Hydroxyurea as Treatment for Children With Sickle Cell Anemia in Sub-Saharan Africa
The efficacy, safety, and feasibility of using hydroxyurea as a therapeutic agent for sickle cell anemia have not been assessed in many populations.
The study authors noted that most research on the use of hydroxyurea has occurred in the United States and Europe, and development of treatment standards in other regions might need to account for co-occurring conditions that patients may experience in localities with fewer resources and differing infections.
The researchers treated 606 children from 1 to 10 years of age (median age 5.4 years at enrollment) with an average hydroxyurea starting dose of 17.5 ± 1.8 mg/kg, daily, at 4 centers located in Angola, Democratic Republic of the Congo, Kenya, and Uganda. Dosage increases began at 6 months and continued until evidence of hematologic toxicity.
Study retention and adherence were high, and a maximum tolerated dose was reached by 85% of patients (average maximum tolerated dose 22.5 ± 4.9 mg/kg/day). Within the initial 3 months of the study, dose-limiting toxicity was experienced by 4.9% of the patients. The treatment was generally well tolerated with low occurrences of toxicities.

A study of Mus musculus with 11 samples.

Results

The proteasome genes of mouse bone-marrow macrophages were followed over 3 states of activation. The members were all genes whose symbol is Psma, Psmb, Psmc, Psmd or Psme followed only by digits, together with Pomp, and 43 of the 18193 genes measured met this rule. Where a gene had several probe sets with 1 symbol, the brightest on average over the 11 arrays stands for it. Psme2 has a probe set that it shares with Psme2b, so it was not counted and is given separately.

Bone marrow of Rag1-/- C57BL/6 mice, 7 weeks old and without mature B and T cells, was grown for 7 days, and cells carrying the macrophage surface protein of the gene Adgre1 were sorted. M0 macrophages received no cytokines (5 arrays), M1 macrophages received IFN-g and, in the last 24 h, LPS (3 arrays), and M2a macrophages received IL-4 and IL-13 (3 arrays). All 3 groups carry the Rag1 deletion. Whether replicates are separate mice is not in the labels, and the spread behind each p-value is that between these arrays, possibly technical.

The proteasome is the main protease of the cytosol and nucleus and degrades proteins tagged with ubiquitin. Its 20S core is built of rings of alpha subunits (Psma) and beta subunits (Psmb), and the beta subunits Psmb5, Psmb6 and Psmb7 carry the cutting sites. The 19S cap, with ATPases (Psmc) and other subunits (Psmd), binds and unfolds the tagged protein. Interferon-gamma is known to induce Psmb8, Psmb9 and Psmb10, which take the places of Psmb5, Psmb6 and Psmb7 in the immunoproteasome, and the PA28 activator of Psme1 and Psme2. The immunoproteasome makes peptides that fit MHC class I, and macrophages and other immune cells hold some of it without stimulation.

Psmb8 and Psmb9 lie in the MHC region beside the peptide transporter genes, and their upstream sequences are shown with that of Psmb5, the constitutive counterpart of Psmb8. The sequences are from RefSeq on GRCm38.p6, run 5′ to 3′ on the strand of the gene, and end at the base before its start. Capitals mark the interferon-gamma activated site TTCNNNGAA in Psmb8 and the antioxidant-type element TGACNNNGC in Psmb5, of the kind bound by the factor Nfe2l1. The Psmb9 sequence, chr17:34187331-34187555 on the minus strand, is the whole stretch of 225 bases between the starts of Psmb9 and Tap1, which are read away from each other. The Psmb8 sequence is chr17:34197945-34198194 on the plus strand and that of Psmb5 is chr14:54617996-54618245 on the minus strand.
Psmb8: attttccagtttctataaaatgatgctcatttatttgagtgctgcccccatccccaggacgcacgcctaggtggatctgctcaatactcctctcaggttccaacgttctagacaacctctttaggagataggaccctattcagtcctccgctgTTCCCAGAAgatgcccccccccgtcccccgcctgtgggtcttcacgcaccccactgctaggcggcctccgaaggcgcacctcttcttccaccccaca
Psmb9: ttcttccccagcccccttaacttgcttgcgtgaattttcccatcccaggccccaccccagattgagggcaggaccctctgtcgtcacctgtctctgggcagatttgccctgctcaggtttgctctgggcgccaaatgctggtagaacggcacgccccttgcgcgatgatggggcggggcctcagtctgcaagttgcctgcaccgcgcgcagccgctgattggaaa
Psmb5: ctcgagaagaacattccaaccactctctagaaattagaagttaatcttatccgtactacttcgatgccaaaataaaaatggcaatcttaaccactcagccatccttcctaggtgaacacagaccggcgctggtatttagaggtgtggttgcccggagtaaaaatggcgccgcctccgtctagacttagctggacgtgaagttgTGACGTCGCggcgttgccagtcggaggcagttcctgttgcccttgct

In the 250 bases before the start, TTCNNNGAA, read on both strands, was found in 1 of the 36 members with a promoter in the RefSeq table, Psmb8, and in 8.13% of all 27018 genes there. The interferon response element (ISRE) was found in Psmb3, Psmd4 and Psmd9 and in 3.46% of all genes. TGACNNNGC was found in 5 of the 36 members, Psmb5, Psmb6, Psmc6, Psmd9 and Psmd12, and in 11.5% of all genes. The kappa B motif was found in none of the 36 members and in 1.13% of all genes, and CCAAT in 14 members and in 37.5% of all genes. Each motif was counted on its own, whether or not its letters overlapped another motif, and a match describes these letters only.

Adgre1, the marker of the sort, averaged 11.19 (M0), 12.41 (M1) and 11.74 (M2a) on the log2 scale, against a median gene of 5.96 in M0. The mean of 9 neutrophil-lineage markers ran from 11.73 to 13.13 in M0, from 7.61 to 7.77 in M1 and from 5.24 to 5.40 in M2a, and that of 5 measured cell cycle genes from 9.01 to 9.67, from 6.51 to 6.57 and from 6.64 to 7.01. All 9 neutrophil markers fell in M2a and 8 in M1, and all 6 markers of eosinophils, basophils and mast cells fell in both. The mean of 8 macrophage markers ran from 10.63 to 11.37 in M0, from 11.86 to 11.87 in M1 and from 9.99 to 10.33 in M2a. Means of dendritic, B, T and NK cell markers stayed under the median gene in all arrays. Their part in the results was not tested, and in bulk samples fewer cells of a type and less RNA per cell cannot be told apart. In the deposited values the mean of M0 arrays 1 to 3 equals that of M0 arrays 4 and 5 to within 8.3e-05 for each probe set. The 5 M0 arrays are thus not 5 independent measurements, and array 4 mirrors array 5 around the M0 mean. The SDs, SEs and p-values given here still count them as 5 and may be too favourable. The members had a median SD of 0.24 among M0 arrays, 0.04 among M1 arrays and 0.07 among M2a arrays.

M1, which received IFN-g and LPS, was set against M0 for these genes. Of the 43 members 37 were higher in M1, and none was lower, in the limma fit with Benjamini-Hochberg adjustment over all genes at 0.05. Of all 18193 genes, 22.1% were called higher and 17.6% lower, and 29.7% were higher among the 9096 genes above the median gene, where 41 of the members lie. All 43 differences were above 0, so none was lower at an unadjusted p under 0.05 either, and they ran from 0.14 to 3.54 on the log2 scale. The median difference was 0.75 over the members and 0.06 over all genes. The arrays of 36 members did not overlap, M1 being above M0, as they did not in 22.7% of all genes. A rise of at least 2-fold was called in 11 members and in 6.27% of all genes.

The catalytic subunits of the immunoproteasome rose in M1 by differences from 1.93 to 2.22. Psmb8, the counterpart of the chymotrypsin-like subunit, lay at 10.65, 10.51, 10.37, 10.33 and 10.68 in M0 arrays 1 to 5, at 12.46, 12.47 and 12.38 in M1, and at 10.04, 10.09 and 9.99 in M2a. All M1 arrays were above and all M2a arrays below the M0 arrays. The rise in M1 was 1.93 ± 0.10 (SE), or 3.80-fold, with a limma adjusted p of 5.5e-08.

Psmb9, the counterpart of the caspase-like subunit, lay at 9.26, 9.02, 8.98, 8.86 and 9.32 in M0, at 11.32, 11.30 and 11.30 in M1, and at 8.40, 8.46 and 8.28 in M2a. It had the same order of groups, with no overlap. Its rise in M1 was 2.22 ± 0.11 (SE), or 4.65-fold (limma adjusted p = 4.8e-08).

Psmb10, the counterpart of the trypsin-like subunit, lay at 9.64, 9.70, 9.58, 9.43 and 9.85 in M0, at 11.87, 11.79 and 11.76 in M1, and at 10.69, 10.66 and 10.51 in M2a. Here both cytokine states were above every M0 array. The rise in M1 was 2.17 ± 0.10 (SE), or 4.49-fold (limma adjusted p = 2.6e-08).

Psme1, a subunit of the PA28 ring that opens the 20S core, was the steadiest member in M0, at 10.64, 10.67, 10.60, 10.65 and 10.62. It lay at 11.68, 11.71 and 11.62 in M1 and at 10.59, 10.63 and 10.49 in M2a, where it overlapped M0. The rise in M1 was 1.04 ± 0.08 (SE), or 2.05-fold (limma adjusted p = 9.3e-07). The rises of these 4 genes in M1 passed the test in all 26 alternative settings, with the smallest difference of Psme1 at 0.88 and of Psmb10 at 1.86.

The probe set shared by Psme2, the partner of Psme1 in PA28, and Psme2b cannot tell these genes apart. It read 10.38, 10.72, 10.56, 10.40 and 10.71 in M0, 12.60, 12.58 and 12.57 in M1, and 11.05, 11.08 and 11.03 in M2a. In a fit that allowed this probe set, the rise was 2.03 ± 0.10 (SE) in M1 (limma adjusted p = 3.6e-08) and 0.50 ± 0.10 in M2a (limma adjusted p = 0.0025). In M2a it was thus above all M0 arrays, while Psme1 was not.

Hydroxyurea treatment resulted in clinically significant improvements in multiple hematological parameters and was associated with lower levels of transfusions, vaso-occlusive pain, and acute chest syndrome. The rate and severity of malaria were also reduced, and all-cause mortality dropped from 3.6 to 1.1 deaths per 100 patient years.
Hydroxyurea showed good feasibility and efficacy as a treatment for sickle cell anemia and its complications in this patient population and it had a good safety profile.
Disclosures: One of the study authors declared multiple affiliations with pharmaceutical industry. For the full list of disclosures, please refer to the original study.